I happen to have the day off, which means I can take the garbage out throughout the day, rather than after work. I was hauling out the first bags at 3:23 this afternoon when I heard the BOOM.
It was a low, deep, loud rumble, like thunder, or at least like the beginning of thunder. It didn't have the rolling sense of thunder, the changes in tone or volume, or any sort of crack to it. It would have been odd for it to be thunder, as the day was clear and cold and the sky was a nearly cloudless crystal blue. It was loud, though, disturbingly loud.
I went right to Facebook and posted this:
What the hell was that? Very loud boom - sounded like thunder. 3:23 PM, January 1, 2015, Nanticoke, PA.
My friends started to respond:
I heard it too although I didn't pay any attention to it until I saw you mention it here.
Definitely sounded like an explosion...I'm sitting on the couch and I actually felt a vibration!
We heard it too. At first we thought it was a car accident but checked around and nothing.
Sorry my bad. I had Taco Bell for dinner last night
Sure it wasn't somebody setting off some home made stuff?
I heard it as well. That's so weird.
you're in Dallas, right? That makes me think sonic boom, exploding meteor, or something else well above ground level. We have some mountains between us and you!
Yep, Dallas. That's crazy. I thought of thunder at first, too.
People on Hanover and Washington heard and felt it. Just read a post.
(Friend from local news station) We're checking into it. Haven't heard anything definitive.
We also heard it in Nanticoke and the pipes in the house shook.
(Friend from North Carolina) Well don't leave us hanging here. What was it?
Still no idea. We have contrails all the time. Lots of jets - military ones - are able to break the sound barrier, and some hot-dogger might do so over Northeastern PA without a second thought. Sizable meteors blow up in the atmosphere every day, though usually over the ocean or over sparsely-populated areas, since that accounts for most of the Earth's surface. Could have been some prankster setting off a haul of unused fireworks all at once, or a house succumbing to a gas leak. Maybe just business as usual at a fracking site tens of miles from here. Who knows? Folks are looking into it, though.
Likely a giant Quarantid Meteor. Several sightings already all along the East Coast.
This is the third time I've heard a big explosion like this.. The first two were covered in this post:
So. There you have it. Still don't know what it was. I'm seeing reports of an East Coast fireball from last night, so maybe this is from the same meteor shower. Maybe we'll never be sure.
UPDATE: From local media:
UPDATE 1/3/2015: From national sites:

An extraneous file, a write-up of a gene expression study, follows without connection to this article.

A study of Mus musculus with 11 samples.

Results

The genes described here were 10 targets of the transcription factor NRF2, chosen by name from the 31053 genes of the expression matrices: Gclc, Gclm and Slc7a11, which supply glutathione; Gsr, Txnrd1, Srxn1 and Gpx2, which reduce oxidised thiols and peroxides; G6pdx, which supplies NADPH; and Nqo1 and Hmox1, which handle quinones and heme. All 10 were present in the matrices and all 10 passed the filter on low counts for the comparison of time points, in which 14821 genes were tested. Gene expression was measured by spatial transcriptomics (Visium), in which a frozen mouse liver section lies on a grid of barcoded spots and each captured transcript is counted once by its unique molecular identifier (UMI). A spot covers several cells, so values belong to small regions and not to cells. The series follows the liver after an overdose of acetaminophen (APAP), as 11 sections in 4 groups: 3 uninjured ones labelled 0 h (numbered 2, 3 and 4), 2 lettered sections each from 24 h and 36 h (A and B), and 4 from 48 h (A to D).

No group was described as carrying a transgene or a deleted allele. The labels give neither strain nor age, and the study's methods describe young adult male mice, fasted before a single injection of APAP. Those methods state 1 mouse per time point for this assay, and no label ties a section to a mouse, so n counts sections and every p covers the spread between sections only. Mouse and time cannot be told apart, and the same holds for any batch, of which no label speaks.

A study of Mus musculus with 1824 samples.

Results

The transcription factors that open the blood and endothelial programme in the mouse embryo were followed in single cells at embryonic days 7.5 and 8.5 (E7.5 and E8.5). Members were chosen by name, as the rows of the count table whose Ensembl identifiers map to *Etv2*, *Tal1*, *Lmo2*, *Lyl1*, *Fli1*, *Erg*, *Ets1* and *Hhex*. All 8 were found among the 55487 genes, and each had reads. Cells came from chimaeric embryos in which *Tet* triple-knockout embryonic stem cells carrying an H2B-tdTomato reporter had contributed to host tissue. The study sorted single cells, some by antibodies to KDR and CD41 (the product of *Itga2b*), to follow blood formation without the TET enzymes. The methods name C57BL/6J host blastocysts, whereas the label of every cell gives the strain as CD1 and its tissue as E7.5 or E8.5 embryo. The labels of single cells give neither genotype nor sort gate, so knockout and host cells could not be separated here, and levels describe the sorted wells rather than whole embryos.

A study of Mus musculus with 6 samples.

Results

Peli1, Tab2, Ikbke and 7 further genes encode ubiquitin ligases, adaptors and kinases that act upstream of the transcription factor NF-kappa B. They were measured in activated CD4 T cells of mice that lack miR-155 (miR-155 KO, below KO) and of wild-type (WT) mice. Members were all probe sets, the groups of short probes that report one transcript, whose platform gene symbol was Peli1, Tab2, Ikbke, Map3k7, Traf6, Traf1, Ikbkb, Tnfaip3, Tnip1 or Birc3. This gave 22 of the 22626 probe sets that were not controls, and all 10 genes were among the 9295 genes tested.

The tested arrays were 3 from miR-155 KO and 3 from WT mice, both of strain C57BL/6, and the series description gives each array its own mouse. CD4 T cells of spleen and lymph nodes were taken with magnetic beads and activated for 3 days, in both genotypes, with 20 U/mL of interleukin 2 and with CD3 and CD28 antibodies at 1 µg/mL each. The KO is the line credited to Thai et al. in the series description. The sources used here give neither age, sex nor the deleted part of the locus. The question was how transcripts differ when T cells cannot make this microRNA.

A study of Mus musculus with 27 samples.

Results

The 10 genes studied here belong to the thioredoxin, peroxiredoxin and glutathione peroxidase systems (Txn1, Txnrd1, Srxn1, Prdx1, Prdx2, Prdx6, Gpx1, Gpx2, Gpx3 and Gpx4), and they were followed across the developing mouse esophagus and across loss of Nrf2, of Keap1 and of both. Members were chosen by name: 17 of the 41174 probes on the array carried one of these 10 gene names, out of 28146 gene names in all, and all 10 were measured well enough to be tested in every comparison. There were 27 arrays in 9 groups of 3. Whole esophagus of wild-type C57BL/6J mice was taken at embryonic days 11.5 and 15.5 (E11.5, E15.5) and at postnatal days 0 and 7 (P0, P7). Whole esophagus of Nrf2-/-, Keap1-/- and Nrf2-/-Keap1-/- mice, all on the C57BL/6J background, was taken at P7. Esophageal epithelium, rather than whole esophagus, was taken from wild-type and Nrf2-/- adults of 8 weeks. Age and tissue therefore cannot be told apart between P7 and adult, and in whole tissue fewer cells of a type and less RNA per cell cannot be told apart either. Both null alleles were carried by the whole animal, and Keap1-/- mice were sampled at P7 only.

Earthfiles.com: Loud, House-Shaking Boom Heard and Felt Throughout Luzerne County, Pennsylvania
Includes a link to this post, and an archive of entries about other mysterious sounds heard all over the world.
Mystery Booms Heard Across the U.S.
An older article with frequent updates. They seem to have drawn a one-size-fits-all conclusion that I don't endorse or concur with. While the Earthfiles site is downright Fortean - something I rather enjoy - the Poleshift site seems to be more crackpot in nature, as can be seen by checking out other entries on the site.
I've long been fascinated by mysterious sounds that have been heard, well, pretty much forever. Some are sounds that have been lost in our modern, noisy world: the hum of wind passing over mountains, or the similar hum of the tide rubbing against the shore - though hums are still reported today. I once heard an enormous hum as the remnants of a hurricane blew through the area in late October 2012, a time when many leaves were still firmly attached to trees despite the lateness of the season. Others, like the fairly well-known "Seneca Guns" (a booming noise heard near Lake Seneca in New York) have been combined in a single Wikipedia entry for "Skyquake," which covers phenomena exactly like the one I heard.
Could there be absolutely mundane explanations for this? Of course. Early on the morning of January 3, as I let my dog out to do his business, I heard a series of "ba-bang" noises in the distance, much like the lid of a dumpster being dropped closed. And this might have been exactly that, from one of two industrial sites (a boot factory and a junkyard) that are just half a mile or so away on the outskirts of Nanticoke. Maybe some employee, annoyed at having the garbage detail in the early morning hours of a Saturday, performed his task as noisily as possible. Maybe some forklift operator had set down their load less gracefully than anyone would have liked. Maybe a bear had broken hibernation and was looking for an early-morning snack in a dumpster. Or maybe it was a truck hitting a pothole on nearby Route 29 and driving along. Traffic on this road has always provided a background noise in this part of Nanticoke. Actually, Route 29 is close enough that as a child I would eagerly watch for the orange flash of my father's Volkswagen to know that he would be home in a few minutes. The sound is, as Tom Petty describes highway noise in "American Girl", "like the waves crashing on a beach."
At around 2:00 PM on January 3, Columbia County EMS reported a sound like an explosion that rattled windows throughout the area. Again, this could be anything: a sonic boom, distant thunder, an exploding meteor, somebody playing with explosives a discharge at an industrial site - anything. The lack of a house reduced to matchsticks or a mushroom cloud over a fracking site would rule out certain possibilities. It seems odd that there would be two of these incidents within three days within the same vicinity. But maybe these noises are being heard all the time, and most people are simply dismissing them rather than asking the simple question, "What the hell was that?"